Patients on long-term opioid therapy (LTOT) for pain have difficulty accessing primary care clinicians who are willing to prescribe opioids or provide multimodal pain treatment. Recent treatment guidelines and statewide policies aimed at reducing inappropriate prescribing may exacerbate these access issues, but further research is needed on this issue. This study aimed to understand barriers to primary care access and multimodal treatment for chronic pain from the perspective of multiple stakeholders.
Qualitative, semi-structured phone interviews were conducted with adult patients with chronic pain, primary care clinicians, and clinic office staff in Michigan. Interview questions covered stakeholder experiences with prescription opioids, opioid-related policies, and access to care for chronic pain. Interviews were coded using inductive and deductive methods for thematic analysis.
A total of 25 interviews were conducted (15 patients, 7 primary care clinicians, and 3 office staff). Barriers to treatment access were attributed to six themes: (1) reduced clinic willingness to manage prescribed opioids for new patients; (2) lack of time and reimbursement for quality opioid-related care; (3) paucity of multimodal care and coordination between providers; (4) fear of liability and use of new guidelines to justify not prescribing opioids; (5) delayed prescription receipt due to prior authorization and pharmacy issues; and (6) poor availability of effective non-opioid treatments.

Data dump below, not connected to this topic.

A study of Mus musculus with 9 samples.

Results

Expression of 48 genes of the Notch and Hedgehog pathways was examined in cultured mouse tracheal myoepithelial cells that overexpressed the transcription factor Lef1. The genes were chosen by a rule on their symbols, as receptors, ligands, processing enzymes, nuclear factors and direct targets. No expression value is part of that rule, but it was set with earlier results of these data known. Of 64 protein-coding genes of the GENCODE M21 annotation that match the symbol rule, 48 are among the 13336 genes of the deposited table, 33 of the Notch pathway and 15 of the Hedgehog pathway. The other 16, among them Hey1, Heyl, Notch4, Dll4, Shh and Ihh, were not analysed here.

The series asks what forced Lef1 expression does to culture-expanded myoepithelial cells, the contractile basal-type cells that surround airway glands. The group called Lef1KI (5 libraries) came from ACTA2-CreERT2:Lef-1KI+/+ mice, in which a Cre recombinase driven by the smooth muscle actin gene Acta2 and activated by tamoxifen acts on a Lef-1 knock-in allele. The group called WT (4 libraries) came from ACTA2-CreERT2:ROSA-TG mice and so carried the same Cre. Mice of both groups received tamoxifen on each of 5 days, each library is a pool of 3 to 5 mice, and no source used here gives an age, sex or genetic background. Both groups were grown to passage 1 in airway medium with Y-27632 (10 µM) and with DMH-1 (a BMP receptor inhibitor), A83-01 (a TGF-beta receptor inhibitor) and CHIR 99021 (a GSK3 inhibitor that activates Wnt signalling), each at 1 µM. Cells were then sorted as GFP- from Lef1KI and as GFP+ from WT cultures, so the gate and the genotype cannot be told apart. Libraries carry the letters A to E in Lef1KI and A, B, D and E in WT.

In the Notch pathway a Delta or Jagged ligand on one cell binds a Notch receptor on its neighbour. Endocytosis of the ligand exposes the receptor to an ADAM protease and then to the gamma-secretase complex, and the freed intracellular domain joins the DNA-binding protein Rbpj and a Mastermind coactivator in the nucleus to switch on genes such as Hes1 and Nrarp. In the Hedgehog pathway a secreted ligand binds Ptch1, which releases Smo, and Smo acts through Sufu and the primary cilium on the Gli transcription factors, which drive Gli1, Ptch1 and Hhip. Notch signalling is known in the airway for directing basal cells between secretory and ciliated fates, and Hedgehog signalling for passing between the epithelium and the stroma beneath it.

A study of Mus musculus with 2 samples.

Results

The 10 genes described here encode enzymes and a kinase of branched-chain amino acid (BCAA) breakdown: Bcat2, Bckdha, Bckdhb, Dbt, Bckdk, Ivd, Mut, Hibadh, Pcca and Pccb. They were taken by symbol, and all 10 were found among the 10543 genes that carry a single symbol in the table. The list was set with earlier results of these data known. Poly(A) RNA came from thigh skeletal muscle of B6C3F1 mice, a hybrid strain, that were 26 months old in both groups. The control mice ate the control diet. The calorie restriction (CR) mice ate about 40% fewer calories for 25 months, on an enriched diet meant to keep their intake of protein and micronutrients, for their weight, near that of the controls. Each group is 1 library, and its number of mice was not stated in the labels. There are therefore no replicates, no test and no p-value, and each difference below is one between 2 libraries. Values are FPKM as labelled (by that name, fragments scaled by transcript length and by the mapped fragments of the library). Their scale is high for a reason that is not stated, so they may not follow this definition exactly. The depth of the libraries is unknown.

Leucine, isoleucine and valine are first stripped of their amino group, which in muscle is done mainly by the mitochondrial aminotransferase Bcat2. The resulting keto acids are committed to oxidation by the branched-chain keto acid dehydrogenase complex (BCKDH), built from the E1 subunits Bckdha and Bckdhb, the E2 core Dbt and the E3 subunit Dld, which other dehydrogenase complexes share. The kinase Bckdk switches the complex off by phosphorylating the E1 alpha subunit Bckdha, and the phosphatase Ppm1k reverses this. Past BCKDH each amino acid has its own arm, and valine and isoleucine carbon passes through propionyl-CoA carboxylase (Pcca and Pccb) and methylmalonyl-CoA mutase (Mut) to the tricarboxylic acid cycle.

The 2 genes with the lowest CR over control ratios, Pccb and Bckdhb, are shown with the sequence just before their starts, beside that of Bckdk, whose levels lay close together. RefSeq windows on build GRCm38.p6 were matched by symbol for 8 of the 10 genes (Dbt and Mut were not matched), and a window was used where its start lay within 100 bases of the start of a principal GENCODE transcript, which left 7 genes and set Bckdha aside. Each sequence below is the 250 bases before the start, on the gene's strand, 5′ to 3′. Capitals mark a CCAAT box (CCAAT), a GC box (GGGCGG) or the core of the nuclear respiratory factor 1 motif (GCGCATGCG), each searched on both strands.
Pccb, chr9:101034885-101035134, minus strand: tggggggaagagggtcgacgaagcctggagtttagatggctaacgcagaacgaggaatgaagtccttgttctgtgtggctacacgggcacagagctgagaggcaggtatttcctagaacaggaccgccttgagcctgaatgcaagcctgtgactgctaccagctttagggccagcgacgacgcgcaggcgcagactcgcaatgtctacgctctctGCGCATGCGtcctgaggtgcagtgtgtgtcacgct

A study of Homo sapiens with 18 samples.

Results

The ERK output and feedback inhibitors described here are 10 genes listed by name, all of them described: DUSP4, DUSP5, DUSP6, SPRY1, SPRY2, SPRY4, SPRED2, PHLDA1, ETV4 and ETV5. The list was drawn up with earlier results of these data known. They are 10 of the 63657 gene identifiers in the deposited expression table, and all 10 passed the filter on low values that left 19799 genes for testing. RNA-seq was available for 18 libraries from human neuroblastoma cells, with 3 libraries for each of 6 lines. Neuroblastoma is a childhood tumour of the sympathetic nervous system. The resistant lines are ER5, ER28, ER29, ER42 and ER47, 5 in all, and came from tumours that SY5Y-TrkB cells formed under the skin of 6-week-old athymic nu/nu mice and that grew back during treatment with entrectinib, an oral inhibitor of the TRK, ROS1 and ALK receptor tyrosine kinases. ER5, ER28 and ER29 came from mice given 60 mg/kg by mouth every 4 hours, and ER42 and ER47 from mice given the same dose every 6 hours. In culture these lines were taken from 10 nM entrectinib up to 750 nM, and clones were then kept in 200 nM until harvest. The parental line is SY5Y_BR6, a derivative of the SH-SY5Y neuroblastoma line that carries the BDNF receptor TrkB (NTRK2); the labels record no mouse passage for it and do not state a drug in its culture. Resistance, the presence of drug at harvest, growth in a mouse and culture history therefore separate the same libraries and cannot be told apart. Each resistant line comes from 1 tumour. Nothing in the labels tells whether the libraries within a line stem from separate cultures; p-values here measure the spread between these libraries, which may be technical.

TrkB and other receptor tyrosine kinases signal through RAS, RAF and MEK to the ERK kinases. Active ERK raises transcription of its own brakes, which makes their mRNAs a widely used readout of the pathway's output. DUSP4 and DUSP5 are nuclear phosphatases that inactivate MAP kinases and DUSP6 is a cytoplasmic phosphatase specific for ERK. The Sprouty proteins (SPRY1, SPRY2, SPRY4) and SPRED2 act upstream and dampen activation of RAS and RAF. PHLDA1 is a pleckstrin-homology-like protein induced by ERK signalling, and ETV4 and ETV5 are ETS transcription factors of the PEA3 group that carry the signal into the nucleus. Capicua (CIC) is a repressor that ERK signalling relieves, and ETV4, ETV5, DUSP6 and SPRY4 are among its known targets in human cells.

Issues of policy, logistics, and clinic-level resources converge to disrupt treatment access for patients with chronic pain, as many clinics both do not offer multimodal pain care and are unwilling to prescribe LTOT. The resulting conceptual model can inform the development of policy interventions to help mitigate these access barriers.